Rory McIlroy came up with an ambitious, and rather expensive, solution to his travel problems after a poor opening round left him battling to avoid another early exit from the Irish Open.
McIlroy has an underwhelming record in his national championship, recording two top-10 finishes in seven appearances and missing the cut last year along with fellow major champions Padraig Harrington, Darren Clarke and Graeme McDowell.
The 25-year-old had the added incentives of being able to move top of the European Tour's Race to Dubai and getting back inside the world's top five with a good performance this week, but could only card a three-over-par 74 in perfect conditions at Fota Island.
McIlroy's clubs only arrived on Wednesday morning after being lost in transit from last week's US Open, and although the two-time major winner still managed an approximate 62 in the pre-tournament pro-am, it was hardly the ideal preparation.
"I'm jet-lagged wherever I go because I'm travelling so much, so it's not like that's an excuse for me," said McIlroy, who was joint 23rd at Pinehurst on six over par.
"But not being able to do much on Monday and Tuesday was really frustrating, I would have liked to have hit some balls and done some practice those couple days to prepare.
"But sometimes that's just the way it goes and I just need to play better the next few years and get my own plane so that doesn't happen."
McIlroy carded six bogeys and three birdies in his round, raising his arms aloft in mock celebration after the last of the birdies from 15 feet on the ninth, his final hole.
"It's tough because I feel like I have been playing well for a while and I am still getting days like this," added McIlroy, who won the BMW PGA Championship at Wentworth last month.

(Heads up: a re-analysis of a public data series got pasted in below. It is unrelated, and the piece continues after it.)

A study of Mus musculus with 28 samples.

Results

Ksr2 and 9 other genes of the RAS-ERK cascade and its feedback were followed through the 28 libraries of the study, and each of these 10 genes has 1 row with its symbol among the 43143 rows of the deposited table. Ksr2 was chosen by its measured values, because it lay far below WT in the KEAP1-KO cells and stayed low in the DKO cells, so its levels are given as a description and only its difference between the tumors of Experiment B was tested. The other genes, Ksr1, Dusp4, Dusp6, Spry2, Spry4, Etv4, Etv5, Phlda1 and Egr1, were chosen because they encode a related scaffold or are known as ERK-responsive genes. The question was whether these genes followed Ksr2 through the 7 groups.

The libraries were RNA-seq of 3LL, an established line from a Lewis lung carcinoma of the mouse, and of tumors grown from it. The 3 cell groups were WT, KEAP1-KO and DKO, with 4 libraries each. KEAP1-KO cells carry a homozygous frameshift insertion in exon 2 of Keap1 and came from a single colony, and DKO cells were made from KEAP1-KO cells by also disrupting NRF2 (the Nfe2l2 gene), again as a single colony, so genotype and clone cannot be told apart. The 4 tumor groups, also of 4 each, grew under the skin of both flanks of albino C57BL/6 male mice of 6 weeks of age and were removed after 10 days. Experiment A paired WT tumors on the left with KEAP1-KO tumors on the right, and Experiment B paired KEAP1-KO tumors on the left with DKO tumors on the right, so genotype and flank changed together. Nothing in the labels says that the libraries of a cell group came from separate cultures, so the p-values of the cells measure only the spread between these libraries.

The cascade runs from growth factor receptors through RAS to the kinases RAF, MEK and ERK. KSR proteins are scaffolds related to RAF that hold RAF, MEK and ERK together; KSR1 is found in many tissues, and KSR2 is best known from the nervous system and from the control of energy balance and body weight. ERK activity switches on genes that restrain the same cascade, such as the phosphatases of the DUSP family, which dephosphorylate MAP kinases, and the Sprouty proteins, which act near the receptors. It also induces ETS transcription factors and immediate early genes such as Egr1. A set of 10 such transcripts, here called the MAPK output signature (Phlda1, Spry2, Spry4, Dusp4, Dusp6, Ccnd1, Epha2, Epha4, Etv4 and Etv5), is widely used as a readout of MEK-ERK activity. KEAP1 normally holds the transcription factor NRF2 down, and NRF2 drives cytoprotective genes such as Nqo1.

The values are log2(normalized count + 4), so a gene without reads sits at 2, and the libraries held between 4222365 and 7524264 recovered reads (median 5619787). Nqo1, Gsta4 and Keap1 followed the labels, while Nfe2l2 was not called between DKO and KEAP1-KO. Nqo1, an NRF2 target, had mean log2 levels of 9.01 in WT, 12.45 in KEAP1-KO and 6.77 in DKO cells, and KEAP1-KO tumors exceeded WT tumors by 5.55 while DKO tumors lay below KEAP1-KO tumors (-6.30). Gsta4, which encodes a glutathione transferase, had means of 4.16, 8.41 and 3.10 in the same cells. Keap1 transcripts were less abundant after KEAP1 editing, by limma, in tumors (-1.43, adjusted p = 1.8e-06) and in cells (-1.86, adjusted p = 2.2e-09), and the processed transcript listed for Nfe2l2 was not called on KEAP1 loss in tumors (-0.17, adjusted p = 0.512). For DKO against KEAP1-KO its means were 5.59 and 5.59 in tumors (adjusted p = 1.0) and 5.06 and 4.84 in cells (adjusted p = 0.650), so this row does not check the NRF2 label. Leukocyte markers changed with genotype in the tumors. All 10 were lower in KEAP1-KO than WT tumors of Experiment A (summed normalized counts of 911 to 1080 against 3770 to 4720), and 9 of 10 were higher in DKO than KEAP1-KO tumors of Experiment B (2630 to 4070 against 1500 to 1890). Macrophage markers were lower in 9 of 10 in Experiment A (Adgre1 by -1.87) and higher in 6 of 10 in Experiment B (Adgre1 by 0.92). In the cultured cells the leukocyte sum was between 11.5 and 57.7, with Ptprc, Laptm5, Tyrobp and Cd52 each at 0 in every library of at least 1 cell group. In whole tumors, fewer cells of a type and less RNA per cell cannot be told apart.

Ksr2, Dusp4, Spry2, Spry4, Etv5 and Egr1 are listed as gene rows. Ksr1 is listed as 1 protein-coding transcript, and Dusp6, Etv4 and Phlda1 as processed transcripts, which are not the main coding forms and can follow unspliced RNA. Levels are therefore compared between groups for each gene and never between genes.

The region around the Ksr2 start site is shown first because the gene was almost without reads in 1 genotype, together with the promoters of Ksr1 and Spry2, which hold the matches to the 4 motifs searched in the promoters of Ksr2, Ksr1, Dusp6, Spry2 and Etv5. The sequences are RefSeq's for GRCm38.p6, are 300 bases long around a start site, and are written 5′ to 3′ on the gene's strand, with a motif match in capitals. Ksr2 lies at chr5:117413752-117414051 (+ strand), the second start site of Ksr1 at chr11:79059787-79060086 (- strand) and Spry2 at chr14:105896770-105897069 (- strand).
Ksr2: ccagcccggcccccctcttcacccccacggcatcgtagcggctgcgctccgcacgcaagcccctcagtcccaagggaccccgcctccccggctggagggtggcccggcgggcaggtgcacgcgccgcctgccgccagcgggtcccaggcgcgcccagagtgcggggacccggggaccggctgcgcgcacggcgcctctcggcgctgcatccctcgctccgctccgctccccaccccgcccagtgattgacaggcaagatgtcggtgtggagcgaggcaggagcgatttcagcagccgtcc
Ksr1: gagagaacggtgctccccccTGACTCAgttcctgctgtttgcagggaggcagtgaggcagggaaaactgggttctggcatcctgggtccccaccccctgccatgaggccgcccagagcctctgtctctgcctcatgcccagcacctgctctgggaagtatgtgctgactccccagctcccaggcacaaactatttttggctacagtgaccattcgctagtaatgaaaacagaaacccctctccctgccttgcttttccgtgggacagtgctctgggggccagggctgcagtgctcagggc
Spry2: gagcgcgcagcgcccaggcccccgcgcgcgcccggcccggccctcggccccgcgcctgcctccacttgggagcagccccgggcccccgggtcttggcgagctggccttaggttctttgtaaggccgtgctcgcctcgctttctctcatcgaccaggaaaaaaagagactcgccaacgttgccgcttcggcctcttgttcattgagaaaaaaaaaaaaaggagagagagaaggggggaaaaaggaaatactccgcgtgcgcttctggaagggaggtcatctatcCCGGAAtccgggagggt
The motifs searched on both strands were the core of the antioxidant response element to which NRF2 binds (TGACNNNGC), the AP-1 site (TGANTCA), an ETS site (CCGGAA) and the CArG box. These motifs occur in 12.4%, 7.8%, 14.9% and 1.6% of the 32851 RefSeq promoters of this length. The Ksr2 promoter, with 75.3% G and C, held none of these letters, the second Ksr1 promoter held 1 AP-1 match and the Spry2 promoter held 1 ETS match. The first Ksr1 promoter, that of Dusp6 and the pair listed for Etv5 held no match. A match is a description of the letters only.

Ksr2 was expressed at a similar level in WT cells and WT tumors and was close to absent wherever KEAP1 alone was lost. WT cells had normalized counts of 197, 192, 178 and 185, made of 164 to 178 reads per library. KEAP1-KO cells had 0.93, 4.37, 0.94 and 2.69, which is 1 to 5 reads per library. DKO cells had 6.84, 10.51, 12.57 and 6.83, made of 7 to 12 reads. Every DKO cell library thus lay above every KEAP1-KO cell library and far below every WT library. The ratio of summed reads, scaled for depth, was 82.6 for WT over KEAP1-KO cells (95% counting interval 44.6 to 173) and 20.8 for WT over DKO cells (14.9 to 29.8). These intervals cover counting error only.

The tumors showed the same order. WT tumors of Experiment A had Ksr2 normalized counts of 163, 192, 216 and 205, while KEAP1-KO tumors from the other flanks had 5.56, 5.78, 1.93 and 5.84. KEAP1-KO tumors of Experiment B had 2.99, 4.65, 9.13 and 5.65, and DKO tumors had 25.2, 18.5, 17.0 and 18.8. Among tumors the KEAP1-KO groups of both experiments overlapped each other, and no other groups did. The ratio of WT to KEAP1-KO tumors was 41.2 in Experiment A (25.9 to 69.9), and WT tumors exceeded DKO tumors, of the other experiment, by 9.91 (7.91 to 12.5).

"When you are playing well you should be captialising on that and not throwing in scores like I did today.
"When you are playing well you should be captialising on that and not throwing in scores like I did today." - Rory McIlroy
"I still drove the ball great and got in the positions that you need to, but short-sided myself a couple of times, hit a couple of loose shots with my wedges and could not get a putt to drop.
"I was pretty sloppy with the scoring clubs so I might head to the range to work on those. I need to do better tomorrow to be here for the weekend.
"I need something in the mid-60s that gets me back in the tournament.
"All the par fives out here are reachable for me. There's a few short par fours and there's plenty of chances to score. I'll try to get to four or five under for the tournament and go from there."
McIlroy was joint 123rd in the 156-man field and 10 shots adrift of leader Mikko Ilonen, the world number 63 firing eight birdies and one bogey to establish a new course record of 64.
Padraig Harrington fared better than McIlroy, landing three birdies in a steady two-under-par 69.
Darren Clarke's up-and-down 72 included three birdies and four bogeys.
Damien McGrane was level with Clarke on one over.
Ilonen, meanwhile, who won the British Amateur title in 2000 at next month's Open Championship venue Hoylake, is looking to climb into the world's top 50 for the first time and boosted his chances with five birdies in his last seven holes.
"I made a mess of our 10th hole, the first hole," said Ilonen, who lost a play-off to Sergio Garcia in the Qatar Masters in January.
"I hit a big drive, was in the middle of the fairway with a sand wedge and I walk off with a five.
"Luckily I didn't get too angry with it and I just get going and kept hitting greens and kept giving myself chances. Luckily in the end I made a few putts."
Germany's Marcel Siem - whose wife is expecting their second child on Monday - also made more than his fair share of putts, the world number 125 covering the back nine in 29 to card a 66 and share second place with Swedish duo Robert Karlsson and Magnus A Carlsson.
Karlsson was European number one in 2008 but suffered from blurred vision the following year and withdrew from the 2012 Open on the eve of the event after suffering from a long-game version of the "yips."
"It was nice, I'm very, very happy," said Karlsson, who was sixth in his native Sweden recently thanks to a closing 63.
"I worked quite hard when I've been at home since the Nordea Masters, so it's been nice to keep it going.
"I've done a bit of work with my coach and things are coming together quite nicely. The long game was very, very good today."
Three-time major winner Harrington's 69 was matched by defending champion Paul Casey, who dropped two shots in his last six holes to finish one behind playing partner Graeme McDowell.
Michael Hoey was three-under and Peter Lawrie and Gavin Moynihan.
Shane Lowry closed level par for the day.